Archive for October 26th, 2010

The Vertebrate Family Tree Gains a Slimy New Branch

by Katie Bowell, Curator of Cultural Interpretation

Hagfish

The animals of the world are broadly classified into two groups: invertebrates (those without backbones) and vertebrates (those with backbones). Since Darwin (and others, we can’t forget Wallace) posited the theory of evolution, scientists have been looking for the organism(s) that link those two groups together. Which organisms are the transitional species that bridge the gap between being backboned and not, and show how you get from a complex invertebrate like a tunicate to a simple vertebrate like a lamprey?

Tunicate

Lamprey

For the past thirty years, the hagfish was considered the best living answer to that question. However, recent genetic studies have moved the hagfish’s place on the evolutionary tree.

First things first: what’s a hagfish? Imagine a long, eel-like (though not an eel), marine-dwelling, self-knotting, slime-producing animal that has a skull, but no spinal column. Picturing it?

Back in the days when scientists organized the animals of the world by comparing their physical characteristics, hagfish resembled, and were therefore lumped in with, lampreys. Lampreys are about as low on the vertebrate branch of the tree of life as you could go, so hagfish were plopped on the bottom with them. In the 1970s, genetic analyses found significant differences between the two organisms, and hagfish were moved even further down the evolutionary ranks and presented as a possible “missing link” between the invertebrates and vertebrates. However, new genetic tests have changed that organization again.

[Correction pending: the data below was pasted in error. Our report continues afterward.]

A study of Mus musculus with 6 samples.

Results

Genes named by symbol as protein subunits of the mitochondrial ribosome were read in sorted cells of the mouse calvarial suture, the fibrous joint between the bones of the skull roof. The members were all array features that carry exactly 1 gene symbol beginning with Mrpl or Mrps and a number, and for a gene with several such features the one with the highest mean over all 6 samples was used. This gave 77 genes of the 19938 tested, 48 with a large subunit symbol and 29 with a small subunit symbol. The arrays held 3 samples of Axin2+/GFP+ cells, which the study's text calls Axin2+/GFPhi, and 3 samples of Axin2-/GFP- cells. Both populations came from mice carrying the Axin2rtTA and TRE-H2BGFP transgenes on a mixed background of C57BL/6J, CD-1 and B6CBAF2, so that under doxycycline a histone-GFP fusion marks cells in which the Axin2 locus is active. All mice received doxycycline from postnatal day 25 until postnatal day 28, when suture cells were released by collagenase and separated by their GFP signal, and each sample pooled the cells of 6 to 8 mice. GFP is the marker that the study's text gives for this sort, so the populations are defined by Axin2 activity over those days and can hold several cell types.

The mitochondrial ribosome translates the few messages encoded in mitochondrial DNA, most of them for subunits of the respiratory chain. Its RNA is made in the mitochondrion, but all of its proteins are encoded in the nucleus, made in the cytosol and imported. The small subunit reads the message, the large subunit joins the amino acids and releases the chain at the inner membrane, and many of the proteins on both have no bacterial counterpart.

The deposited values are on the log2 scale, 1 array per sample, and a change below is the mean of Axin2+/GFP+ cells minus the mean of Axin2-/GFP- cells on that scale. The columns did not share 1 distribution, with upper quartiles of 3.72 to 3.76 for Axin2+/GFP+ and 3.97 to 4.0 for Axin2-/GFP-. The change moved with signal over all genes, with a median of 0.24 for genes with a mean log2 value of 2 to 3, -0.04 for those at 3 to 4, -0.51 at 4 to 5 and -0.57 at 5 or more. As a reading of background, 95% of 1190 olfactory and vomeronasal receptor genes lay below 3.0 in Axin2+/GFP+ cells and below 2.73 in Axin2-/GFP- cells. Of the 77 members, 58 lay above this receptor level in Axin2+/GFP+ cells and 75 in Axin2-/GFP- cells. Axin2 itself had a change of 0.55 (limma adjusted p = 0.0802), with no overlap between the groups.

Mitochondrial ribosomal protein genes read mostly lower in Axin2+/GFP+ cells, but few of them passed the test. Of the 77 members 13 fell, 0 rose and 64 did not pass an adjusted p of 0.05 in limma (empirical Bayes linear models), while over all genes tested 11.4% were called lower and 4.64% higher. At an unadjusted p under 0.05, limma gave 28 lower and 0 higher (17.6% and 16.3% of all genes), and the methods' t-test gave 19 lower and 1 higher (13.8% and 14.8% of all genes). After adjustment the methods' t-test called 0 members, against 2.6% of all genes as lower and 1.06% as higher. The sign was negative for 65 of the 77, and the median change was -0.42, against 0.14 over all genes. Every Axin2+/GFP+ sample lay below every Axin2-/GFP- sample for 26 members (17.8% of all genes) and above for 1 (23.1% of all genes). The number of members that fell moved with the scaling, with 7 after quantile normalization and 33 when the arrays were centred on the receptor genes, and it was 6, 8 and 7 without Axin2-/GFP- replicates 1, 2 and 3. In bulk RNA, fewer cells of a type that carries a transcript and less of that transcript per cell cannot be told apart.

Scientists have been looking at microRNA, small, non-coding RNA pieces that regulate whether genes are turned on or off. It turns out microRNA is even more reliable at demonstrating relationships between organisms than genes are, and the microRNA of hagfish and lampreys are showing that the two groups are closely related. Hagfish may be primitive vertebrates, but they’re definitely vertebrates.

And, because it is almost Halloween, I can’t end this post without talking bout the hagfish’s most famous attribute: it’s slime.

Hagfish are able to produce copious amounts of a slimy mucus, which scientists believe is used to help the organisms deter and escape predation. When attacked, hagfish secret skeins of wound-up protein fibers that are finer than spider silk.  When the skeins come in contact with water, they unravel and trap the water within them to form a big, dense, slippery mass of goo. In just a few minutes, an adult hagfish can produce enough slime to completely convert a 5 gallon bucket of water into slime. Now that’s a party trick. And when it’s time to get the slime off, the hagfish simply ties itself into a knot that works its way down the organisms body, pushing the slime off.